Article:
Polling guru Nate Silver is not happy. The avalanche of criticism for polling failures has reduced him to expletive-laced crankiness. Silver is doubtful the so-called hidden Trump voter exists. He also claims that since the polls called the correct winner for most states, errors are excused, but that’s like saying it’s okay to drive drunk as long as you make it home in one piece. The fact is, the polling was terrible and the pollsters deserve all the criticism they get.
With few votes left to register, we have a good handle on the final results: approximately 50.6 percent for Joe Biden to 47.7 percent for President Trump, at the time of this writing. Investor’s Business Daily got closest with a 4-point Biden advantage, but the overall RealClearPolitics average for October was a 9-point Biden lead. Special mention goes to CNN, which judged Biden to have a 12-point advantage, and Quinnipiac, which predicted an 11-point edge.
Even worse were the state polls. Quinnipiac missed Ohio by 12 points, Florida by more than 8 points, and Georgia by 7 points. Morning Consult whiffed Pennsylvania by 8 points and Florida by more than 9 points. The New York Times missed Wisconsin by 10 points.
In the Senate races, Emerson was off a whopping 15 points in Maine. Quinnipiac had Lindsey Graham in a tie race in South Carolina (he won by 10 points), Theresa Greenfield beating Joni Ernst in Iowa by 2 points (Ernst won by 7 points), and Sara Gideon ahead of Susan Collins by 12 points in September, a mammoth 21-point miss. Even races where pollsters called the winner, they flopped badly on margin. CNN had Gary Peters beating John James in Michigan by 12 points, with the final margin being less than 2 points.
More than a ‘Margin of Error’
Some polling outfits claim the misses are just “margin of error,” but this is a misuse of the term. The problems for the public polls are more systemic than simply picking out the worst misses.
I have written about margin of error before, but let me describe it in the current context, not perfect statistical theory. Margin of error is kind of a measure of bad luck. Think of flipping a coin. If you flip a coin 10 times and get seven heads, that’s a lot — but not too crazy because it’s a small sample. Now, flip that coin 1,000 times, and the split will not be 70-30; it will be much closer to 50-50. If you repeated every day for a month, some days you would have more tails than heads and vice versa. It is very unlikely you will ever get exactly 50-50.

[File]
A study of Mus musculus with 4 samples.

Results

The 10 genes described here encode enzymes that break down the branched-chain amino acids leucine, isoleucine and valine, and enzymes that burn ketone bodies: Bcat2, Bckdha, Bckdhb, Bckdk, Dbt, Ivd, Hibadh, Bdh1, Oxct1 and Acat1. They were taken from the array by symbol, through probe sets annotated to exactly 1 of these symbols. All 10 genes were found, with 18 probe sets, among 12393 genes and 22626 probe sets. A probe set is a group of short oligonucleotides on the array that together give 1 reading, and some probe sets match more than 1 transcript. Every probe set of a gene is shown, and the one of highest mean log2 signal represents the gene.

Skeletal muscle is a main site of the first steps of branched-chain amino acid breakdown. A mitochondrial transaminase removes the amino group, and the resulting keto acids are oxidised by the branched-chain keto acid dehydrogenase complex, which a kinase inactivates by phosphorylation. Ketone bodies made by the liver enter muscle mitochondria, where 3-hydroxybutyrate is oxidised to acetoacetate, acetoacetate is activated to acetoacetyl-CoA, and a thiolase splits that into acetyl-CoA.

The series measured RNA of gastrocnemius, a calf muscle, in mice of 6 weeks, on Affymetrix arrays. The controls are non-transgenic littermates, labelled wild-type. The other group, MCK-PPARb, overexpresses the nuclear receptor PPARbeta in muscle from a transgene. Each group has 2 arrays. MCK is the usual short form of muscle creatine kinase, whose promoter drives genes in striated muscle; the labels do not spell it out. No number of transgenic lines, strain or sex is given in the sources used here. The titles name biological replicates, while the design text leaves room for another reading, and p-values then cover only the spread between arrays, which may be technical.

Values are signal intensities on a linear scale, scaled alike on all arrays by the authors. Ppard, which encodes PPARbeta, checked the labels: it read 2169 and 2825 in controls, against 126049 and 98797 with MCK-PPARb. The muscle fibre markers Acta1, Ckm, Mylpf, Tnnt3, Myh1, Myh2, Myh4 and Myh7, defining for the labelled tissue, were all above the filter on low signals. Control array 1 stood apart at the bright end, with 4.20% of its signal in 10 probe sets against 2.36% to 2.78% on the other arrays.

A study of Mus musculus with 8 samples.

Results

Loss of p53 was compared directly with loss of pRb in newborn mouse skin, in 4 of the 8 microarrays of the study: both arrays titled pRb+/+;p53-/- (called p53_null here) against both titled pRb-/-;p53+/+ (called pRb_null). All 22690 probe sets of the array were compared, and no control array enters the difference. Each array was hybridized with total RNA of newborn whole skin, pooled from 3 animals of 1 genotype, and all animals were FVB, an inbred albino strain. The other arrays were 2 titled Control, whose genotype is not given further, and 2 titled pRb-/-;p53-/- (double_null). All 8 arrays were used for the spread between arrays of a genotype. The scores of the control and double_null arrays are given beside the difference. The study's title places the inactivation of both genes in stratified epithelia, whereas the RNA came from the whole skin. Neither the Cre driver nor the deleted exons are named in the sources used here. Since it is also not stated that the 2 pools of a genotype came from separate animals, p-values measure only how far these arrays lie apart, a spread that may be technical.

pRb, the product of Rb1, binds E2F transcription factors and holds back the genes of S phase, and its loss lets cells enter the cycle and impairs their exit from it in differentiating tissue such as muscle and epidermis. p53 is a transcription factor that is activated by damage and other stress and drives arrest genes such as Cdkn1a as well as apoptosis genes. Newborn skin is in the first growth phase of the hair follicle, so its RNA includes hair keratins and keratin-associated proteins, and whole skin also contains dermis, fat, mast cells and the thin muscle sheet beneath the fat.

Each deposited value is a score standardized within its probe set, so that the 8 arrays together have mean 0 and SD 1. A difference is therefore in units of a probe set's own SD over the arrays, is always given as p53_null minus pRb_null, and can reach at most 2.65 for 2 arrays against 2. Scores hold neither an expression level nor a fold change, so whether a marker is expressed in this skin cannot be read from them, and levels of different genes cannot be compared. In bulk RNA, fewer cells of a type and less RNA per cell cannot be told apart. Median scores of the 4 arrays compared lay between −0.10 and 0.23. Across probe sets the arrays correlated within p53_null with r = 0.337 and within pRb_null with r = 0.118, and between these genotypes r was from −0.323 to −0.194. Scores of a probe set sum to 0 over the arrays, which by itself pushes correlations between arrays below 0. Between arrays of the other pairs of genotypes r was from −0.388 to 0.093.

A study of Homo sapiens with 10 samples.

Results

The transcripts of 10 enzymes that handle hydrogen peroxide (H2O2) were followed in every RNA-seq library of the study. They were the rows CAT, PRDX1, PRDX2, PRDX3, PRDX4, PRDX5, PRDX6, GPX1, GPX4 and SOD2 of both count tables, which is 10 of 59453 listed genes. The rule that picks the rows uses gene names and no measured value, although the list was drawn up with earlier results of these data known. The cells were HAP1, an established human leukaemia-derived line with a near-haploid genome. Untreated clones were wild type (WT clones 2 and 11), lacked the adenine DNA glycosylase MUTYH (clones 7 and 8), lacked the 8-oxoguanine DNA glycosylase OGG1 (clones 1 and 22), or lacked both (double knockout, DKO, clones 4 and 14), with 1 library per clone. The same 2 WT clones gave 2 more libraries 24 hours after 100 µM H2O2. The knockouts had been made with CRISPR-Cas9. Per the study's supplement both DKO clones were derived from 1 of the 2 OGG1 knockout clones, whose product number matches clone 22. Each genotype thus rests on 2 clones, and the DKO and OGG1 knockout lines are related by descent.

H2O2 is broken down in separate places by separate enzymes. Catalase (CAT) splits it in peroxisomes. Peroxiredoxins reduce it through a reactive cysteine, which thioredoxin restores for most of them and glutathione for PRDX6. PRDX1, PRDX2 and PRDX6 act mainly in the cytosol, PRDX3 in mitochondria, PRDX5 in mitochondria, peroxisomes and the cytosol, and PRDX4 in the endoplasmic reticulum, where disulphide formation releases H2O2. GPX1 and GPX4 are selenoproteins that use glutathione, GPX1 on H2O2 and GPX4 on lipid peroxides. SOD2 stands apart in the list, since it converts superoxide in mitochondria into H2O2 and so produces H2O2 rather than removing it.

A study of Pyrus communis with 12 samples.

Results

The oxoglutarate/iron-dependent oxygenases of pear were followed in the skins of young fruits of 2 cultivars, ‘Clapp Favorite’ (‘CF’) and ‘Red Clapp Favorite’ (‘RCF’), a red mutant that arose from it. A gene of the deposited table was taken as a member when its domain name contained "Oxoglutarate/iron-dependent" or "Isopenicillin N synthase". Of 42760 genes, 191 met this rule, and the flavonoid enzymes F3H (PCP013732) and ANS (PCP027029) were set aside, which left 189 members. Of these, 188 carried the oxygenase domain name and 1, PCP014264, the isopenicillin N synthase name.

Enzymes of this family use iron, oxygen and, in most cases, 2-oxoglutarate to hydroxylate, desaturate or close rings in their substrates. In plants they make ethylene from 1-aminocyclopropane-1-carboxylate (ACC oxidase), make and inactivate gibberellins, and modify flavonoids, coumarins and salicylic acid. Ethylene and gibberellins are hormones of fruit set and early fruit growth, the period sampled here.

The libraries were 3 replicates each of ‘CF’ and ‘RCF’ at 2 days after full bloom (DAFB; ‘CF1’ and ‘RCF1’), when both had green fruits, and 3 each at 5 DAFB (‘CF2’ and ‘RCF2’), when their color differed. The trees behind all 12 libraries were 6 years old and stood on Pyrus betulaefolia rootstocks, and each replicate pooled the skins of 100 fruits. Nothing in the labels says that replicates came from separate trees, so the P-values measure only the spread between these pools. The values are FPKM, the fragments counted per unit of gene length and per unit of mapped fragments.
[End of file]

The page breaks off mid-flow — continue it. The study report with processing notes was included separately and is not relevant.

What if you repeat the experiment, and heads is always in the lead? Sometimes it’s only by a little, sometimes by a lot. If that is the case, then the “error” is all in one direction, which is bias. You have a bad coin on your hands.
Good polling would have yielded margins of victory that see-sawed around the true result, with some a little above and some a little below. Of the last 20 national polls, however, only one overestimated in Trump’s favor. Looking at the state polls, only in Georgia and Arizona did the polls behave nearly as they should: Of the last 20 polls, 10 overestimated Biden in Georgia and 14 in Arizona, six overestimated Trump in Georgia and five in Arizona, and four and one were on the nose in those states, respectively.
Elsewhere, the results were disastrous. Not a single poll overestimated Trump in Ohio or Iowa. In fact, 13 polls had Biden winning Ohio, although he lost by 8 points. In Wisconsin and Florida, only one poll in each slightly overestimated Trump (Susquehanna by 1 point in both states), and only Trafalgar got the exact margin in each.
These two polling outfits, generally considered Republican-friendly, performed well across all battleground states, along with Rasmussen, which is also largely derided as a GOP partisan. These three did err a bit toward Trump at times but mostly by 1 or 2 points, in contrast to the public polls, which were often far off the mark. ABC/Washington Post had Biden up 17 points in Wisconsin, when the real margin turned out to be 1 point.
Public Polling Flunked
In a conversation with Wes Anderson, a top GOP consultant who runs polling for OnMessage Inc., he linked the public poll’s big misses back to bad sampling. Public polls mostly just tap into each state’s voter file, start randomly dialing, and slowly fill out their quotas based on what each pollster thinks turnout will look like. Some then supplement with internet panels. After the results come in, they make statistical adjustments based on whether they think the results are off.
In contrast, top-flight political polling firms look at the voter file, first work to develop their modeled sample (which controls for likely bias in response rates), and then start dialing. Accounting for problems on the front end is more expensive because certain voters are more difficult to reach or refuse at a higher rate. Fixing problems upfront, however, means not having to monkey with the number on the back end.
The back-end fix that public pollsters use makes their misses even worse. They know any poll is susceptible to problems, such as non-responsive Trump voters, yet even after “fixing” the poll, their results are still way off.
FiveThirtyEight doles out letter grades to dozens of pollsters. Among the polls mentioned in this column, the New York Times and ABC/Washington Post have A+ grades, Emerson A-, Quinnipiac B+, CNN’s pollster SRSS and Morning Consult B/C. That’s some serious grade inflation.
Getting the call right should matter. There should be no A grades for these pollsters this year. Incredibly, those who did best got weaker grades: Rasmussen with a C+, Susquehanna C, and Trafalgar C-.
As for Nate Silver, clean up your language — and give yourself an F.